According to the OIG’s website, “An integrity agreement (IA) is a document that outlines the obligations to which an individual practitioner, small group practice, or small provider agree as part of a civil settlement.” If I may be so bold, what better way to protect your organization than to see firsthand what’s landing other organizations in the hot seat?
Have you read a recent OIG Corporate Integrity Agreement (CIA)? If you’re shaking your head no, I get it. Reading about all the mistakes that landed folks in the hot seat might not be the jolliest way to spend an evening, but it sure is insightful. If you’ve read one lately, I’d love to hear your thoughts on it. Anything that surprised you?
A lot’s happening in compliance right now. For example, a recent CIA requires hiring two Deputy Compliance Officers and the standard Chief Compliance Officer requirement. Additionally, members of the Board are now required to receive training regarding the corporate governance responsibilities of board members and the duties of board members concerning review and oversight of the Compliance Program.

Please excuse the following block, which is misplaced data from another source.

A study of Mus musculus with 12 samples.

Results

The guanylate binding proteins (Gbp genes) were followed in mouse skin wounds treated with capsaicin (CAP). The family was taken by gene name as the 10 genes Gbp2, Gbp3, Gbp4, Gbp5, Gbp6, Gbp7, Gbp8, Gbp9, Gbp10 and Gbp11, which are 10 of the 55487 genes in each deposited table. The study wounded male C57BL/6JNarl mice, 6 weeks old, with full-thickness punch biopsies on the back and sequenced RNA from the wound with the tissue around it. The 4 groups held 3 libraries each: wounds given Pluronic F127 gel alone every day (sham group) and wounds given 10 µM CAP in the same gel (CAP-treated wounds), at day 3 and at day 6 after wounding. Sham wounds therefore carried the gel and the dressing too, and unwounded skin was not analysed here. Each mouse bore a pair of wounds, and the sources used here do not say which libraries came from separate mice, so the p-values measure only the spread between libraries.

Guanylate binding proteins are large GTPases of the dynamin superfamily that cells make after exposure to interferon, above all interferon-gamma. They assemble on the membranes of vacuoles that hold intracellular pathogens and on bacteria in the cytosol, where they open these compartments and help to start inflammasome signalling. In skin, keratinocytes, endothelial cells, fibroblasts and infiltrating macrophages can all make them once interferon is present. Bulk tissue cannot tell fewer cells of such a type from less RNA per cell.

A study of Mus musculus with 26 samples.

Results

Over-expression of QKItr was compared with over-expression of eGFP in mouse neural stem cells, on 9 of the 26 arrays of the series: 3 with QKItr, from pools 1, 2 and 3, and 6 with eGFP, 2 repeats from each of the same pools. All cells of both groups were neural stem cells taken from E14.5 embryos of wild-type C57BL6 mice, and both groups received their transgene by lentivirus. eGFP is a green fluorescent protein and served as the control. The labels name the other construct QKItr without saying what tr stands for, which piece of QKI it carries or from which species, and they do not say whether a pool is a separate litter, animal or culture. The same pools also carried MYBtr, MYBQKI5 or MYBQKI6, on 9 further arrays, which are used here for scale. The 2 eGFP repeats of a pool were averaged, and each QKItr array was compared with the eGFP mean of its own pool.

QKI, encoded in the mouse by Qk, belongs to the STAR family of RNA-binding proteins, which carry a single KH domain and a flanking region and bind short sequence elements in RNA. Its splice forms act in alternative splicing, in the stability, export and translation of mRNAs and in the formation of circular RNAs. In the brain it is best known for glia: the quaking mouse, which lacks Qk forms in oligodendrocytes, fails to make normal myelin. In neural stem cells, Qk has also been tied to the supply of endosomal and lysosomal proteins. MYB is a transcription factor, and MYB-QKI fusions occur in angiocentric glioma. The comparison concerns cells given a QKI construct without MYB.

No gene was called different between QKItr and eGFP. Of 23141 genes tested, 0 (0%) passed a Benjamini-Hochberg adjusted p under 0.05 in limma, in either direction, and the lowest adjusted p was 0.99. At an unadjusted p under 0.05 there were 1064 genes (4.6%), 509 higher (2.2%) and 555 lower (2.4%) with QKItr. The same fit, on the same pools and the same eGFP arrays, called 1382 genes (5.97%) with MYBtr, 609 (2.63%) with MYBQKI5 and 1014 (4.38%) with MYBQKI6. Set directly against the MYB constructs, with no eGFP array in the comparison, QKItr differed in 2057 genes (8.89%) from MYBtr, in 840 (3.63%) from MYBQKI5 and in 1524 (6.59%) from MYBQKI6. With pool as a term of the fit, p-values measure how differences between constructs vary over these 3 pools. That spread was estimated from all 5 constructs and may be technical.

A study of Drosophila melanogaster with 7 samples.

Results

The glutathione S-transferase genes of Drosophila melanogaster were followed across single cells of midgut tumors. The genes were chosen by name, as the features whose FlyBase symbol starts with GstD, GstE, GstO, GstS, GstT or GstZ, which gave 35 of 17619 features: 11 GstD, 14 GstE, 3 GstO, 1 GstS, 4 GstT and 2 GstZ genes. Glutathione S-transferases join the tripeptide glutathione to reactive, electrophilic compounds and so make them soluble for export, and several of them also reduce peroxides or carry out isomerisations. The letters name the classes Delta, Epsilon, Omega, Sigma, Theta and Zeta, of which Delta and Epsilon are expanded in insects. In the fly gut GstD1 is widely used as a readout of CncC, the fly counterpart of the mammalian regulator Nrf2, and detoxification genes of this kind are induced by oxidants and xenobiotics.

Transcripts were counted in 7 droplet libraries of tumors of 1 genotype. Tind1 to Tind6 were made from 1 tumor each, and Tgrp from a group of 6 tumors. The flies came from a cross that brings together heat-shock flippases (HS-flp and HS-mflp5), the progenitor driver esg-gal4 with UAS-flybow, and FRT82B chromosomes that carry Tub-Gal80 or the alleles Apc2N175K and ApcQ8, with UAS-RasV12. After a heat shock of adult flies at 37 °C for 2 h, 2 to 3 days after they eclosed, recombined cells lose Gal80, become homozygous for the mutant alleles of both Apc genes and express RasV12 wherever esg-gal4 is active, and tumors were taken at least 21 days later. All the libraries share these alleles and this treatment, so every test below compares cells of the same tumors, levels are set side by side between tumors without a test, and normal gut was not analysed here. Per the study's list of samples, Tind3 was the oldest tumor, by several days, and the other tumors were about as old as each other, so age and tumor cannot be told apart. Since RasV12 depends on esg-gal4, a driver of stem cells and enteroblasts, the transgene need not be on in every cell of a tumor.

CIA’s show us what the OIG expects of a healthcare organization’s compliance program. And armed with all of that insight, we can better protect our organizations from noncompliance. And hopefully, we can avoid landing ourselves front and center in an upcoming CIA.
Tune in to my upcoming webinar, "Why You Should Be Leveraging CIAs to Improve Your Compliance Program," where I’ll dissect recent CIAs to provide you with the OIG’s expectations of the compliance officer role, training and certification/attestation requirements, and some unique requirements based on the allegations resolved.